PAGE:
Now is the time for countries to update their Nationally Determined Contributions (NDCs) with a clear aim of reaching the tripling renewables goal, or they risk missing the target completely, states a new report from the International Energy Agency (IEA).

The report, COP28 Tripling Renewable Capacity Pledge: Tracking countries’ ambitions and identifying policies to bridge the gap, highlights that few countries have explicitly laid out 2030 targets for installed capacity in their existing NDCs under the Paris Agreement.

Official commitments in NDCs currently amount to 1,300GW, which is a mere 12% of what is required to meet the global tripling objective set at COP28 in Dubai.

However, next year countries are expected to submit new NDCs, providing a critical opportunity to make clear commitments and raise their ambitions to fully implement the global pledges made at COP28.

The IEA report finds that if countries were to include all their existing policies, plans and estimates in their new NDCs, they would reflect 70% of what is needed by 2030 to reach the tripling goal.

IEA executive director Fatih Birol commented in a statement: “At COP28, nearly 200 countries pledged to triple the world’s renewable power capacity this decade, which is one of the critical actions to keep alive hopes of limiting global warming to 1.5 degrees Celsius. This report makes clear that the tripling target is ambitious but achievable – though only if governments quickly turn promises into plans of action.”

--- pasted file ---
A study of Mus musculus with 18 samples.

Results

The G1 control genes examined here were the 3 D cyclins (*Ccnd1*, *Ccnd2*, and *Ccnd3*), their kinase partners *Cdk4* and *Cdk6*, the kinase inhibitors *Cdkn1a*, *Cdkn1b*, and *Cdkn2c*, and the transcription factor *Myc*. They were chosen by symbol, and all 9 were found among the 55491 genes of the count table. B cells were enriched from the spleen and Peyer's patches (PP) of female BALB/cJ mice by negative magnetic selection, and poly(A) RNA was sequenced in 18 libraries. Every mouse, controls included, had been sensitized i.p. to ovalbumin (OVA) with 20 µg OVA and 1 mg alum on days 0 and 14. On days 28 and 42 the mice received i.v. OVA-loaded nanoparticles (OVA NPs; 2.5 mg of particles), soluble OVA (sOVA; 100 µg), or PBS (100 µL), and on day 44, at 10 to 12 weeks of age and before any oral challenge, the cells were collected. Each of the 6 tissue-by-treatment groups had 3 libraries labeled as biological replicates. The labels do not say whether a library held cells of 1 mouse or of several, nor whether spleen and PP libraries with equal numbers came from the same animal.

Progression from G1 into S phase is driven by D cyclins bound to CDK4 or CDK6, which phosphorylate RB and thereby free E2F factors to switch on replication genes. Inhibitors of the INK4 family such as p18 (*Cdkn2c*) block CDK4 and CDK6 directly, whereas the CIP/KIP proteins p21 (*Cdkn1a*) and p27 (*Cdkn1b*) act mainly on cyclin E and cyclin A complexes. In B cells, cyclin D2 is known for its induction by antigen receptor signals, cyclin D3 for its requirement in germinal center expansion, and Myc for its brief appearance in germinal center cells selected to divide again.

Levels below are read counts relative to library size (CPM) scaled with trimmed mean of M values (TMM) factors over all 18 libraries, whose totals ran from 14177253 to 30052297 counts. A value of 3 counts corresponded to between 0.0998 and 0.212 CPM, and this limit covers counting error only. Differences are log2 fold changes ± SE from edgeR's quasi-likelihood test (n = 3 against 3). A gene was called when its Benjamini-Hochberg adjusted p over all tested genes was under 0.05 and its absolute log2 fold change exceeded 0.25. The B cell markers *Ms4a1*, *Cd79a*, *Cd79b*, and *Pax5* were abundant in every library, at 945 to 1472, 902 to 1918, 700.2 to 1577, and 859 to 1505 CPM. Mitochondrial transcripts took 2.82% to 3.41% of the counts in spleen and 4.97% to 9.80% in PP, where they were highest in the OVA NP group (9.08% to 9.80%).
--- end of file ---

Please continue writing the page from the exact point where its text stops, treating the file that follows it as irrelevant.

“By delivering on the goals agreed at COP28 – including tripling renewables and doubling energy efficiency improvements by 2030 – countries worldwide have a major opportunity to accelerate progress towards a more secure, affordable and sustainable energy system. The IEA will continue to support governments around the world in efforts to achieve this.”

Increased policy support, technology progress and lower costs have seen more countries increase their renewable energy deployment, especially solar PV and wind. The report highlights that global renewable capacity additions reached almost 560GW in 2023, a 64% increase from 2022.

However, despite this progress, challenges continue to hinder progress, such as lengthy permitting processes, lack of investment in grid infrastructure and high financing costs, especially in developing nations.

The report recommends that countries tackle these obstacles by improving long-term policy visibility; supporting projects in the pre-development phase; and reducing price, inflation and exchange rate risks.